How Sightsavers helped Benin eliminate devastating eye disease

Doctors prepare to perform sight-saving surgery on Safira.
Sightsavers | David Gnaha
Natalie Clarkson
by Natalie Clarkson
17 May 2023

Benin has become the fifth country in Africa to eliminate trachoma, a disease that can cause life-altering effects, as a public health problem. The disease is a devastating condition that can turn eyelashes in so that they scrape painfully against the eyeball – if left untreated it can lead to permanent sight loss. 

The elimination, announced by the World Health Organization, proves the value of investing in the global fight against neglected tropical diseases like trachoma. It follows many years of sustained action by the Benin government and a network of support, including by Sightsavers – an organisation that Virgin Unite has supported as part of the Audacious Project

Patients line up to receive treatment for trachoma. Overall, the Accelerate programme has supported nearly 700 trachoma surgeries in Benin, helping the country to eliminate this disease as a public health problem.
Sightsavers | David Gnaha

When trachoma elimination work began in 2013, three million people – a third of the population – were at risk from trachoma. Thanks in part to the Virgin Unite-funded Accelerate programme, Sightsavers and partners including USAID, RTI, FHI360 and ITI, supported the Benin government in: 

  • Delivering 1.9 million antibiotic treatments 

  • Conducting nearly 700 trachoma surgeries for the advanced stage of the disease 

  • Reaching more than 1.2 million households with facial cleanliness and hygiene practices 

  • Training 13 surgeons to strengthen the country’s existing health system 

“Virgin Unite and I have been delighted to support Sightsavers as they’ve worked with the people and government of Benin to eliminate the painful and blinding disease, trachoma,” Richard Branson, founder of Virgin Unite and the Virgin Group, said. “The effects of trachoma on families, communities and countries have been catastrophic, especially on women, who are four times more likely to lose their sight to trachoma than men. Congratulations to Benin – now we can’t wait to turn this into a race, a race to see which country will eliminate trachoma next.” 

Safira (middle) sits with her family in Borgou Department, Benin. Following her trachoma surgery, she said "What they have done for me is immeasurable."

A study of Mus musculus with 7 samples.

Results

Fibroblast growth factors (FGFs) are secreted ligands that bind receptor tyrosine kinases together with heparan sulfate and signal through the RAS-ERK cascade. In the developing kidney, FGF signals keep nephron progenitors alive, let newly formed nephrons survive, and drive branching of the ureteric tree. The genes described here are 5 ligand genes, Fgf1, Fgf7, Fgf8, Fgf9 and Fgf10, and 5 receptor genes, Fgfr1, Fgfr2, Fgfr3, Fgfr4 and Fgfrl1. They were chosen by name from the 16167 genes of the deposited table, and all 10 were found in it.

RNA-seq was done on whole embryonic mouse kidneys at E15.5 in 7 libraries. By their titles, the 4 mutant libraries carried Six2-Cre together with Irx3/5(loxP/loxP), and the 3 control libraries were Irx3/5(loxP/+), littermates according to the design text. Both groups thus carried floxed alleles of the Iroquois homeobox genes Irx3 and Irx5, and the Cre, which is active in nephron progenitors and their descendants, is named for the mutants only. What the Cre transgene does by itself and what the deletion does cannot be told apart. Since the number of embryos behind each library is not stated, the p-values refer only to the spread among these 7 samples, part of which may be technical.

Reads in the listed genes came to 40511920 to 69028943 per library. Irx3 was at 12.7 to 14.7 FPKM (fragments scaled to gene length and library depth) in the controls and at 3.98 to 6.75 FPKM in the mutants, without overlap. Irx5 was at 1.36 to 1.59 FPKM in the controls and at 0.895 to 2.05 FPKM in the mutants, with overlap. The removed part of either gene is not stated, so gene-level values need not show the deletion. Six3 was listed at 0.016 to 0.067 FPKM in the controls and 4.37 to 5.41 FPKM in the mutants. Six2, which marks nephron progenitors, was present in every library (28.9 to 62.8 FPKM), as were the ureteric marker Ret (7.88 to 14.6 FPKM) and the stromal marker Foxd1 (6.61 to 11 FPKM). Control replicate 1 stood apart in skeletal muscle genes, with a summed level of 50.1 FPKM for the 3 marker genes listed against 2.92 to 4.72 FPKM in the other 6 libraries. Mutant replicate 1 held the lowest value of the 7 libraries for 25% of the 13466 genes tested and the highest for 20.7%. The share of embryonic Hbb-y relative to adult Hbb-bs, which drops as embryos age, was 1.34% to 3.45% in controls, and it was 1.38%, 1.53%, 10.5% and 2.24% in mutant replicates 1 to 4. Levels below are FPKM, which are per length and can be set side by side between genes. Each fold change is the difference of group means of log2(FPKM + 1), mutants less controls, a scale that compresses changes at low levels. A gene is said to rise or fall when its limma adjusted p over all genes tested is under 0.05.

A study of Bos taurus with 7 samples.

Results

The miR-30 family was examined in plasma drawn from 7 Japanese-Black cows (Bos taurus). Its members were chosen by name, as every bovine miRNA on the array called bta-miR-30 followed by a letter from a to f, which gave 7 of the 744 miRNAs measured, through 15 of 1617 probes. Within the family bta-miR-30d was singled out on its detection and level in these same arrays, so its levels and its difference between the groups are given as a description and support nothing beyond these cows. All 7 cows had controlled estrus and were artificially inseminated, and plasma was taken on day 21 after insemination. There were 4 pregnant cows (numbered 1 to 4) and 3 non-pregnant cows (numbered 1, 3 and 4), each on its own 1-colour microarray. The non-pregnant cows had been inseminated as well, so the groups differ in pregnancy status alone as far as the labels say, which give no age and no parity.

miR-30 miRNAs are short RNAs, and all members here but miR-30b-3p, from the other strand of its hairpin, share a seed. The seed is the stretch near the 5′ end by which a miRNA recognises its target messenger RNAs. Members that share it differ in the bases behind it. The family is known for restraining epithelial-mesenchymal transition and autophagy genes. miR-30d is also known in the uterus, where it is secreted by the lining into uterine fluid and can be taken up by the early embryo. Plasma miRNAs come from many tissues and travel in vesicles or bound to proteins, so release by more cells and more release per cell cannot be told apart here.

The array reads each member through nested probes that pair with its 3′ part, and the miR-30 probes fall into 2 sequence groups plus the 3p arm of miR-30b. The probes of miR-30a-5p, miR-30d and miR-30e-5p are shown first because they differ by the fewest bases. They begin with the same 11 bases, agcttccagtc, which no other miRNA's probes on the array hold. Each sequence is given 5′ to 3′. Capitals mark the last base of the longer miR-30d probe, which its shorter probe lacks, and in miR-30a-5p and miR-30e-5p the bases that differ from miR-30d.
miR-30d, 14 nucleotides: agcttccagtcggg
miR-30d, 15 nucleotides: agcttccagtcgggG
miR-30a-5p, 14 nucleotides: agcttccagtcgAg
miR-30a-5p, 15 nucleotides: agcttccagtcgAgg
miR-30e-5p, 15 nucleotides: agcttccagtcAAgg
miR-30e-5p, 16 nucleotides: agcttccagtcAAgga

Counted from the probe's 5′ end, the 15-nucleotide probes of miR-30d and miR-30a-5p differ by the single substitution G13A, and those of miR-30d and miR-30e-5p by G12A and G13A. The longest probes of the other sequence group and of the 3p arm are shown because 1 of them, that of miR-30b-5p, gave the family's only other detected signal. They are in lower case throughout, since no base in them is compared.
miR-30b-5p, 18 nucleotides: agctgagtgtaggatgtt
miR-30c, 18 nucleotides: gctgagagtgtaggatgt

Sightsavers | David Gnaha

Pelagie Boko-Collins, Sightsavers NTD lead in Benin added: “Eliminating a disease on this scale is a massive achievement for our country. Today, 3.4m people in Benin are no longer at risk of losing their sight to this agonising disease thanks to hard work, commitment and collaboration between government, health workers, volunteers and organisations like Sightsavers.  

“Diseases like trachoma hit the poorest people hardest. When we invest in eliminating diseases of poverty, we strengthen the systems that enable everyone to access healthcare. Making intelligent investments to end NTDs now could save billions of dollars later.” 

Safira recovers following her operation.  “Now that I’m fine,” she says, “I’ll resume these activities as I used to do before. It’s a joy.”
Sightsavers | David Gnaha

Trachoma remains one of the leading causes of blindness worldwide and still affects people in more than 40 countries – the vast majority of whom are in Africa. Yet it costs just 15p per person to treat a community for the disease with the use of antibiotics.  

Trachoma is part of a set of conditions called neglected tropical diseases (or NTDs). These diseases affect more than a billion people around the world, but they can be prevented, treated and even eliminated. Benin joins 16 other endemic countries in achieving this milestone. The benefits of ending diseases of poverty such as trachoma are felt throughout society as the impact transforms lives and communities – more children can learn, and more adults can earn.   

Visit Sightsavers to learn more about its work.